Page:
PORTLAND, Maine -- Maine's rollout of legal marijuana sales has been muted compared with other states because of the coronavirus pandemic, but shops are reporting brisk business nonetheless.
Maine wasn't able to replicate the grand opening scenes that have followed the first sales in other states. But regulators reported more than $1 million in sales in October, more than $1.2 million in November and nearly $2 million in December. The number of retail businesses also continues to grow.
“Despite all the market challenges, everything from COVID to supply chains and beyond, Maine has done a really good job getting this market up and running,” said Thomas Winstanley, vice president of marketing for Theory Wellness, which has locations in South Portland and Waterville. “Cannabis is becoming part of the social fabric.”
Nearly a third of U.S. states have approved legal adult use marijuana. That includes several states with longer established marijuana programs and four that just went legal in the 2020 elections and are developing programs.
But only Maine went legal in 2016 and then took nearly four years to create a legal framework for retail sales. Those sales began in October, just as the pandemic was worsening in the state and around the country.
Cannabis sales in Maine are much less than Massachusetts, which also went legal in 2016 and was swifter to set up its marijuana program. Officials in Massachusetts have reported more than $1 billion in sales going back to fall 2018.
Maine is now home to 15 marijuana stores, 16 cultivation facilities and nine product manufacturing facilities that have active licenses. The state approved the first six active licenses in September. Dozens more licenses are in various places along the pipeline.
Maine’s program was tailored to meet the needs of a smaller state. The state is wise to take a cautious approach to growing the industry, especially during a pandemic, said Scott Gagnon, a member of the Maine Marijuana Advisory Commission.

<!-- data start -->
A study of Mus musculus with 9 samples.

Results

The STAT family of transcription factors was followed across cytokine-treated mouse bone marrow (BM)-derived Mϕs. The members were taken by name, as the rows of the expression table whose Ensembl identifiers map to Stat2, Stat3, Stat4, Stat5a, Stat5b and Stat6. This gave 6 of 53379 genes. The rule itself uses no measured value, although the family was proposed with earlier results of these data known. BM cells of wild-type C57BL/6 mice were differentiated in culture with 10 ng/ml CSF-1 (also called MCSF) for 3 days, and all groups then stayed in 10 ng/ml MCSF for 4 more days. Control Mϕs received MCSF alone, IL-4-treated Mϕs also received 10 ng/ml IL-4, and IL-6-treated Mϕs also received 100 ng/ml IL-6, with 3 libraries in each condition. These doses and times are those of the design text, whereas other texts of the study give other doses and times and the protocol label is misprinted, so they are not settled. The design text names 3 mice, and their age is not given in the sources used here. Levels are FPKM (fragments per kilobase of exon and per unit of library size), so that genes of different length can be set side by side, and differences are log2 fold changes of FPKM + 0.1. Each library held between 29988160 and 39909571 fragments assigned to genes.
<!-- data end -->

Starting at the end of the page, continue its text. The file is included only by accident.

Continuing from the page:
Consumers have had to exercise the same kind of social distancing and face-covering requirements as everyone else in Maine, which is subject to a statewide mask directive from Gov. Janet Mills, a Democrat.
“In other states, on the first day of sales, there are people lined up along the block and it's a big, huge thing,” Gagnon said. “I think it has, at least compared to other states before us, been less of a big deal.”
Maine's long-established medical marijuana program, which dates to the late 1990s, is also still operating during the pandemic. The medical program remains much larger, accounting for more than $200 million in sales last year.
Some in the medical marijuana business approached retail legalization with trepidation, and that has continued with the roll-out of recreational sales, said Catherine Lewis, chairwoman of the board for the Medical Marijuana Caregivers of Maine trade association.
“The way it was rolled out was more for large commercial businesses as opposed to the small Maine cottage industry we started with the medical program,” she said.
For now, though, the retail industry is excited it's getting up and running, even under less than ideal circumstances, said David Boyer, a Portland-based cannabis industry consultant.
“Maine has grown marijuana for a long time, and with tourism down due to COVID it can be tough for some of these places when you open up,” Boyer said. “There's stuff on the shelves.”